Important early coastal chart of the Gulf Coast, from Apalachicola Bay and St. Marc in western Florida to St. Joseph's Bay and Pensacola.
The coastline includes to Mobile Bay, to Biloxi and Bay St. Louis, as well as Lake Ponchartrain and New Orleans, Lake Borgne and the Mississippi River to the Delta. On either side of the River are sand and mud banks, including an area of woods called "Bois de Chene Verd Propre pour la Construction." Fort La Boulaye is located and noted as having been abandoned.
The chart is drawn from manuscript sketches brought back to Paris by Pierre Francois Xavier de Charlevoix ( 1682-1761) a Jesuit Priest who traveled through Canada and North America's eastern regions from 1705-1720. Engraved under the direction of Jacques Nicolas Bellin (1703-1761), the Royal Hydrographer to the King in Paris, the chart was included in L'Histoire et Description Generale de la Nouvelle France, published in Paris in 1744.
In 1720, the Duke of Orleans sent the Jesuit scholar and explorer Pierre François-Xavier de Charlevoix to America to record events in New France and Louisiana and determine the best route to the Pacific Ocean. Charlevoix gathered geographic information from fur traders in Quebec and traveled through the Great Lakes and down the Mississippi River. After he returned to France, Charlevoix published his views on North America in his Histoire et description générale de la Nouvelle France, which has become one of the most important works on North America during the period prior to the French & Indian (Seven Years) War.
Thomas Jefferson owned a copy of Charlevoix's Histoire et description générale de la Nouvelle France and recommended it, along with the accounts of Hennepin and Lahontan, as a "particularly useful species of reading." He referred to Charlevoix's book as he developed his own ideas of Louisiana and the Northwest.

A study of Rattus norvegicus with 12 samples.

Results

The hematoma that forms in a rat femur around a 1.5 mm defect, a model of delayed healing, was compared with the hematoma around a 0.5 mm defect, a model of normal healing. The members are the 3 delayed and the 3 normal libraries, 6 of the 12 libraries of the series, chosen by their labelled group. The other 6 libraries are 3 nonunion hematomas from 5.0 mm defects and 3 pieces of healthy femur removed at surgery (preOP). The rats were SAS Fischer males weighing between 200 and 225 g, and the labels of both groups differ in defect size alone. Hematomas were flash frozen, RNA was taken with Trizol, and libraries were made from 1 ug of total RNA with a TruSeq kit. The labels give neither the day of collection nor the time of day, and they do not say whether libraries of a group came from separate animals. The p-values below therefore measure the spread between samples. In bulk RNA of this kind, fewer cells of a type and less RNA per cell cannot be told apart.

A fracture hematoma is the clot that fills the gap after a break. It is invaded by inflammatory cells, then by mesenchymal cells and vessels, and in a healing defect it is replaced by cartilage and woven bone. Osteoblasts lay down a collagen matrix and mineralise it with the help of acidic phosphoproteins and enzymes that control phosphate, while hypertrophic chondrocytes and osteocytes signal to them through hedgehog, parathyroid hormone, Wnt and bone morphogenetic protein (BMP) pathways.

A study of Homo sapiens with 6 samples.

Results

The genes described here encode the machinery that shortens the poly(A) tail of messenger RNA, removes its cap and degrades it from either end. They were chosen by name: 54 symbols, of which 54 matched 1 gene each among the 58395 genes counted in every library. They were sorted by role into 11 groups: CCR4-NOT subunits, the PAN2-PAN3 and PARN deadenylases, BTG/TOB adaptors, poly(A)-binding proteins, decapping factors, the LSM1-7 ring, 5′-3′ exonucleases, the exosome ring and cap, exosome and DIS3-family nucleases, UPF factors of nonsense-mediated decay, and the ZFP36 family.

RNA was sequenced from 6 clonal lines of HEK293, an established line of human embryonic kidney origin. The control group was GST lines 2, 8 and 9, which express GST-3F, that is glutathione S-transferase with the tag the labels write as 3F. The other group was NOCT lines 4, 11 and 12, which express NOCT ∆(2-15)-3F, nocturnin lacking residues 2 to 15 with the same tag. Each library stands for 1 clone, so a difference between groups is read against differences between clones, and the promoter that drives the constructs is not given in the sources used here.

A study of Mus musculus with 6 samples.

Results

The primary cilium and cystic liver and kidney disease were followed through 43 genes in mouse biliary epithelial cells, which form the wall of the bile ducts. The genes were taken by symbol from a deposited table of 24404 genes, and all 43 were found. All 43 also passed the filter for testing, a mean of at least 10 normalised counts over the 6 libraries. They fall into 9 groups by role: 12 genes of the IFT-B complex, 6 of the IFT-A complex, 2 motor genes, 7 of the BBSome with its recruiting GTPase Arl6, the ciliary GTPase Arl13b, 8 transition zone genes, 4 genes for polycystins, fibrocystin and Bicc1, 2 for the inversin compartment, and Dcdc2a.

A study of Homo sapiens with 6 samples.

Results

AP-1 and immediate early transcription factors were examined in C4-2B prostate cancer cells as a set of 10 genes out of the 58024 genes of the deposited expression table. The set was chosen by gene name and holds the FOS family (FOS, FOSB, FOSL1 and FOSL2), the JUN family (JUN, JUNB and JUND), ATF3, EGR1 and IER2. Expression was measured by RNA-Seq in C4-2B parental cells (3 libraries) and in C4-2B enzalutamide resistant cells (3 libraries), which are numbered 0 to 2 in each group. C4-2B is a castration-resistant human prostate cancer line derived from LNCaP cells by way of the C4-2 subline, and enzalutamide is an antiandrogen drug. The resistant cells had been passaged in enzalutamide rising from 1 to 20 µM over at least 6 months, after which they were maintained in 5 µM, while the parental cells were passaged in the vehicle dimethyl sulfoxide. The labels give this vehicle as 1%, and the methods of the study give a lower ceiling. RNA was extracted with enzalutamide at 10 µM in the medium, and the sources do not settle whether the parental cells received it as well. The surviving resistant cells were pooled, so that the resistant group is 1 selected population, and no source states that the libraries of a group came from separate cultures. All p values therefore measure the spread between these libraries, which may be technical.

Jacques-Nicolas Bellin (1703-1772) was among the most important mapmakers of the eighteenth century. In 1721, at age 18, he was appointed hydrographer (chief cartographer) to the French Navy. In August 1741, he became the first Ingénieur de la Marine of the Depot des cartes et plans de la Marine (the French Hydrographic Office) and was named Official Hydrographer of the French King.
During his term as Official Hydrographer, the Depot was the single most active center for the production of sea charts and maps, including a large folio format sea-chart of France, the Neptune Francois. He also produced a number of sea-atlases of the world, e.g., the Atlas Maritime and the Hydrographie Francaise. These gained fame, distinction, and respect all over Europe and were republished throughout the 18th and even in the succeeding century.
Bellin also came out with smaller format maps such as the 1764 Petit Atlas Maritime, containing 580 finely detailed charts. He also contributed many of the maps for Bellin and contributed a number of maps to the 15-volume Histoire Generale des Voyages of Antoine François Prévost or simply known l'Abbe Prevost.
Bellin set a very high standard of workmanship and accuracy, thus gaining for France a leading role in European cartography and geography. Many of his maps were copied by other mapmakers of Europe.